Charred malt from the Viking Age found at Hundborg in Denmark. Photo: Peter Steen Henriksen - National Museum of Denmark.

2021.07.26 | Department of Agroecology

Plant genetics teaches us about spelt and old beer

A wheat mutant found by a stroke of luck and grain preserved since ancient times helps us learn about the past and provides opportunities to create new knowledge for the future.

"The amount of data will only get worse, and new compression technologies are a necessary tool to reduce the effect of increasing data traffic," says Daniel Lucani Rötter, newly appointed full professor at Aarhus University. Photo: Peer Klercke.

2021.07.15 | AU Engineering, Department of Electrical and Computer Engineering

New professor on the data surge: It will only get worse

Daniel Lucani Rötter is a new professor at the Department of Electrical and Computer Engineering at Aarhus University. He conducts research into how we can solve some of the internet's biggest Gordian knots.

Photo: Colourbox

2021.07.16 | DCA - Danish Centre for Food and Agriculture, Department of Food Science

Researchers want to improve the quality of plant drinks

The demand for plant drinks is growing, but how is the quality of their proteins? Researchers are investigating this in a new project that, with the help of groundbreaking analysis methods, will ensure that the plant drinks of the future have the best possible nutritional quality.

Honey bee in oregano. Photo: Claus Rasmussen

2021.07.13 | Department of Agroecology, Sustainability

Insects, bees and plants interaction

Pollinators are needed, large parts of agriculture and world food production are heavily dependent on pollinating insects. Still, the number of wild pollinators is declining, but there is still something that can be done to stop the development. It requires new cultivation and beekeeping strategies, but it can be done.

Photo: Colourbox

2021.07.07 | Department of Agroecology, DCA - Danish Centre for Food and Agriculture

Plant-based dye from carrots can replace synthetic color in the foods we eat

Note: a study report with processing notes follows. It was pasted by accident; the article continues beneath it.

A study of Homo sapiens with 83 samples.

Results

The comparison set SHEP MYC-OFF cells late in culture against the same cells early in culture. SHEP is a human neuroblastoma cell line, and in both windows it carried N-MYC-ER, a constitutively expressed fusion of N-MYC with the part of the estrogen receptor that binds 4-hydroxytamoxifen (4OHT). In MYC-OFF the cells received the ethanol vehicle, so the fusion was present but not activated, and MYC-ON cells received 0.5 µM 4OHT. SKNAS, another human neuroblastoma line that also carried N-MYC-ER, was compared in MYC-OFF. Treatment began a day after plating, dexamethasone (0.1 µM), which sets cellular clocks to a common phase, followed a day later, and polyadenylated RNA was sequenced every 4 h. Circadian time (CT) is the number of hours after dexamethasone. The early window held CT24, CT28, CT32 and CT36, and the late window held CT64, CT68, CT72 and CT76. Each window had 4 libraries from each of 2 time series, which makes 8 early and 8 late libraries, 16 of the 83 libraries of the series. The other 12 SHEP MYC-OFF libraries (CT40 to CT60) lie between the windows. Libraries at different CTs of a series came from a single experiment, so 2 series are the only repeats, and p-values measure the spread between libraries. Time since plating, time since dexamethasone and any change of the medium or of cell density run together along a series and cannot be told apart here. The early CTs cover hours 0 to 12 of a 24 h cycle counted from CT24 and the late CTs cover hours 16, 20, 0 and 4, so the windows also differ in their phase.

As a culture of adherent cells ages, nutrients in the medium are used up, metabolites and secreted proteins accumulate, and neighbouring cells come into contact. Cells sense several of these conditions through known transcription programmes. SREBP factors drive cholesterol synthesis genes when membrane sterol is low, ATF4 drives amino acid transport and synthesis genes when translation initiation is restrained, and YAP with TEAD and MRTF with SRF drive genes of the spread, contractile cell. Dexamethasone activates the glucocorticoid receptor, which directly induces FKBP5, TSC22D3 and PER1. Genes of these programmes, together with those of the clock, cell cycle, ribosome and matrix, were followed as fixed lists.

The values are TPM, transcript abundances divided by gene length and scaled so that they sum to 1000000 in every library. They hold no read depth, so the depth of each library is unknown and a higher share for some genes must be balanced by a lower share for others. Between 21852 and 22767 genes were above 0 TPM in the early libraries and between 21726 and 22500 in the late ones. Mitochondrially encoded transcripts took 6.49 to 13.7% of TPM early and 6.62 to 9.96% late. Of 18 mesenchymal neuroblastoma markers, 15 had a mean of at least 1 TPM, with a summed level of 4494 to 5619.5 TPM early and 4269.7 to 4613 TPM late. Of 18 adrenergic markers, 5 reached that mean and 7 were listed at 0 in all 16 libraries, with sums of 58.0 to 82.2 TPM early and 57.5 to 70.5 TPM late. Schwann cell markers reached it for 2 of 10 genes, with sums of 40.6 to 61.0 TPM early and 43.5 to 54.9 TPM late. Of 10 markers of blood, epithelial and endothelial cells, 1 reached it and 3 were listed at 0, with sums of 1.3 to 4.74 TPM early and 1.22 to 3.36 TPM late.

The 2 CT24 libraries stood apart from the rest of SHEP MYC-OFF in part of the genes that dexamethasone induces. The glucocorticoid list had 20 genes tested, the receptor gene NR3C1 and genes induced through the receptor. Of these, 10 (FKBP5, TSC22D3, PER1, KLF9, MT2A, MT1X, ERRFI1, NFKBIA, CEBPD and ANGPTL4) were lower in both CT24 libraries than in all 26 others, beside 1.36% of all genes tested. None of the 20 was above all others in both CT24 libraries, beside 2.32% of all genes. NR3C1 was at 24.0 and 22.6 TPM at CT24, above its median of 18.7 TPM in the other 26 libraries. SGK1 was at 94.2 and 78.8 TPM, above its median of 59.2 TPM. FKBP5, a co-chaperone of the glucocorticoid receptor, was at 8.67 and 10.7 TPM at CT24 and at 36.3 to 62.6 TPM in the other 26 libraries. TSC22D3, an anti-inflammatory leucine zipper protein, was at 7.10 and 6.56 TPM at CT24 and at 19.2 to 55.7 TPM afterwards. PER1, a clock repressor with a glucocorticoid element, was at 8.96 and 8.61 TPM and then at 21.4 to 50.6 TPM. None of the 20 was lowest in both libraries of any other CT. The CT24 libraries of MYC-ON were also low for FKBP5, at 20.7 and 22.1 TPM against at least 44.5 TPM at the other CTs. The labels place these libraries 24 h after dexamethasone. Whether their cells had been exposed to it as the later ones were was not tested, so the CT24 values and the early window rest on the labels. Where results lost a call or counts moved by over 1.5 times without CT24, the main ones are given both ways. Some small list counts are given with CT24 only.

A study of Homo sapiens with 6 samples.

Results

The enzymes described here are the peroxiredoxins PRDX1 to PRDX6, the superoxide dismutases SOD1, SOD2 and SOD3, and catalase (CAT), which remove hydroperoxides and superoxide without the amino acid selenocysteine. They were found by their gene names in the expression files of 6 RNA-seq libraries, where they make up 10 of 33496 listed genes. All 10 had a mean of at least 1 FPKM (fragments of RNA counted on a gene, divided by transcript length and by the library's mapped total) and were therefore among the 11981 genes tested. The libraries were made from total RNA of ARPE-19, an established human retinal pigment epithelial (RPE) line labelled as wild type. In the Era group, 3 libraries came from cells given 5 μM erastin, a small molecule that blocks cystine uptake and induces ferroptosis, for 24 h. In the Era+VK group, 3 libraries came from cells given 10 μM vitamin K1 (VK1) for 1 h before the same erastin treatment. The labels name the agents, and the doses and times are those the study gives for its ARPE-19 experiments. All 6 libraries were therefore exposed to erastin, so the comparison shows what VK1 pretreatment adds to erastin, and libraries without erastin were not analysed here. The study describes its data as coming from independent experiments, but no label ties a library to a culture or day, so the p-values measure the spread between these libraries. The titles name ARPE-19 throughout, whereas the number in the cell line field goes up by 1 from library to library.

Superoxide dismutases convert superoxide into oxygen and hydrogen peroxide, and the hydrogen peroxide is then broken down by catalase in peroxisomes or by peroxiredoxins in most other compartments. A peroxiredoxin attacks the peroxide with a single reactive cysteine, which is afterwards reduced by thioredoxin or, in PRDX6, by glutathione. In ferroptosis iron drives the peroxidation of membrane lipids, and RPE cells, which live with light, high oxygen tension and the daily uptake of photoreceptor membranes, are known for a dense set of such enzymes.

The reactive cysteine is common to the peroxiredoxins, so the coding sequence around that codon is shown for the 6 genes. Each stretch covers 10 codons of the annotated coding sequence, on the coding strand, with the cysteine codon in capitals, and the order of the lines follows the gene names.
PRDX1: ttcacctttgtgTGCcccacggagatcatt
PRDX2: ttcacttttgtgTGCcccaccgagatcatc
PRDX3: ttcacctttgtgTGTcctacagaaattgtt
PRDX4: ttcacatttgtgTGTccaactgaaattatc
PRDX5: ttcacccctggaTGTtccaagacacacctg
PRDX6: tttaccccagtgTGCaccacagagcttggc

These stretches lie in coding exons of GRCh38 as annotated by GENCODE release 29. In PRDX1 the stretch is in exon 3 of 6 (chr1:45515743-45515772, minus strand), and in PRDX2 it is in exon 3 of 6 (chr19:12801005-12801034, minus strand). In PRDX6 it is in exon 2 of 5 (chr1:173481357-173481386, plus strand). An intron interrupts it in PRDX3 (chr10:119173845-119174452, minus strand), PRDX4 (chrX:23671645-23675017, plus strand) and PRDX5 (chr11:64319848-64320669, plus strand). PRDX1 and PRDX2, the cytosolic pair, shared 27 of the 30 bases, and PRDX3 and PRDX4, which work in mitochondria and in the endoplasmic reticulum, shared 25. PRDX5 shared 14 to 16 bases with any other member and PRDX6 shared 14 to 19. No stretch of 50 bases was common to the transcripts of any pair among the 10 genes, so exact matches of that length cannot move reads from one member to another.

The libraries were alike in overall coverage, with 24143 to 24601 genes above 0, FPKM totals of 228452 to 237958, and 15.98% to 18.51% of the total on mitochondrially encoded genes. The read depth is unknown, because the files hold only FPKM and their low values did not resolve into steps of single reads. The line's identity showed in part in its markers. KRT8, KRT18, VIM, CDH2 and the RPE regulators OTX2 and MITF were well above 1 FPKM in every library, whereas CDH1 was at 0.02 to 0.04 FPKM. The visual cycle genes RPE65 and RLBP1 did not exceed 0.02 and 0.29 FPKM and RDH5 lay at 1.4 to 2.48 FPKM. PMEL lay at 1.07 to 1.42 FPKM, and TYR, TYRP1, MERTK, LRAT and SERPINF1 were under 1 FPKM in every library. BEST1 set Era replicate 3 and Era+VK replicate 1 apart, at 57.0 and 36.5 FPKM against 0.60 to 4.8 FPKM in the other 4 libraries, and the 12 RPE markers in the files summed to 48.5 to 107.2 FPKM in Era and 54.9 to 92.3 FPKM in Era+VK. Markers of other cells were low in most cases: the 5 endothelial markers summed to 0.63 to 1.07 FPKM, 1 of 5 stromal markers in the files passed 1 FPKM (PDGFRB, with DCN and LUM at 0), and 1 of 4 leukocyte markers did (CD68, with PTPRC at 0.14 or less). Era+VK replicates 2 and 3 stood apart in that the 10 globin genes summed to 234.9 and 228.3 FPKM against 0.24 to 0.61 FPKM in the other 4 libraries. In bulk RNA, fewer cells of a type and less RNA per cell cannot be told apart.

Researchers from, among others, the Department of Agroecology at Aarhus University have found a method by which mechanisms can be activated in orange carrots so that they produce more anthocyanin dye, which can replace synthetically produced dyes in food. It provides new opportunities to replace synthetically produced dyes with plant-based natural…

Photo: Lars Kruse, AU Foto

2021.07.07 | Department of Agroecology, DCA - Danish Centre for Food and Agriculture, Sustainability

More grassland to improve climate and environment

Grassland areas may reduce agricultural emissions of greenhouse gases and nutrients. Together with newly developed biorefining technologies, grasslands constitute a breeding ground for new sustainable products, e.g. green protein to replace the use of imported soya. A new research project will make it possible to harvest the benefits.

Ill: Colourbox

2021.07.15 | Faculty of Technical Sciences

Roadmap to the future green transition of agriculture and food systems

Agriculture and food production have a solid starting point in Denmark for the work that will be carried out over the next few decades on the road to the green transition. An ambitious and cross-disciplinary project attracted several hundred spectators when it was presented at the end of June by the University of Copenhagen, the Technical…

Photo: AU Foto

2021.07.02 | Research, Sustainability

To reduce methane emissions, new study finds it necessary to include methane in breeding goals

Researchers from Center for Quantitative Genetics and Genomics (QGG) have participated in an international project, where findings show the necessity of either including methane in the breeding goal, or do it through a correlated trait as residual feed intake, if methane emissions are to be reduced.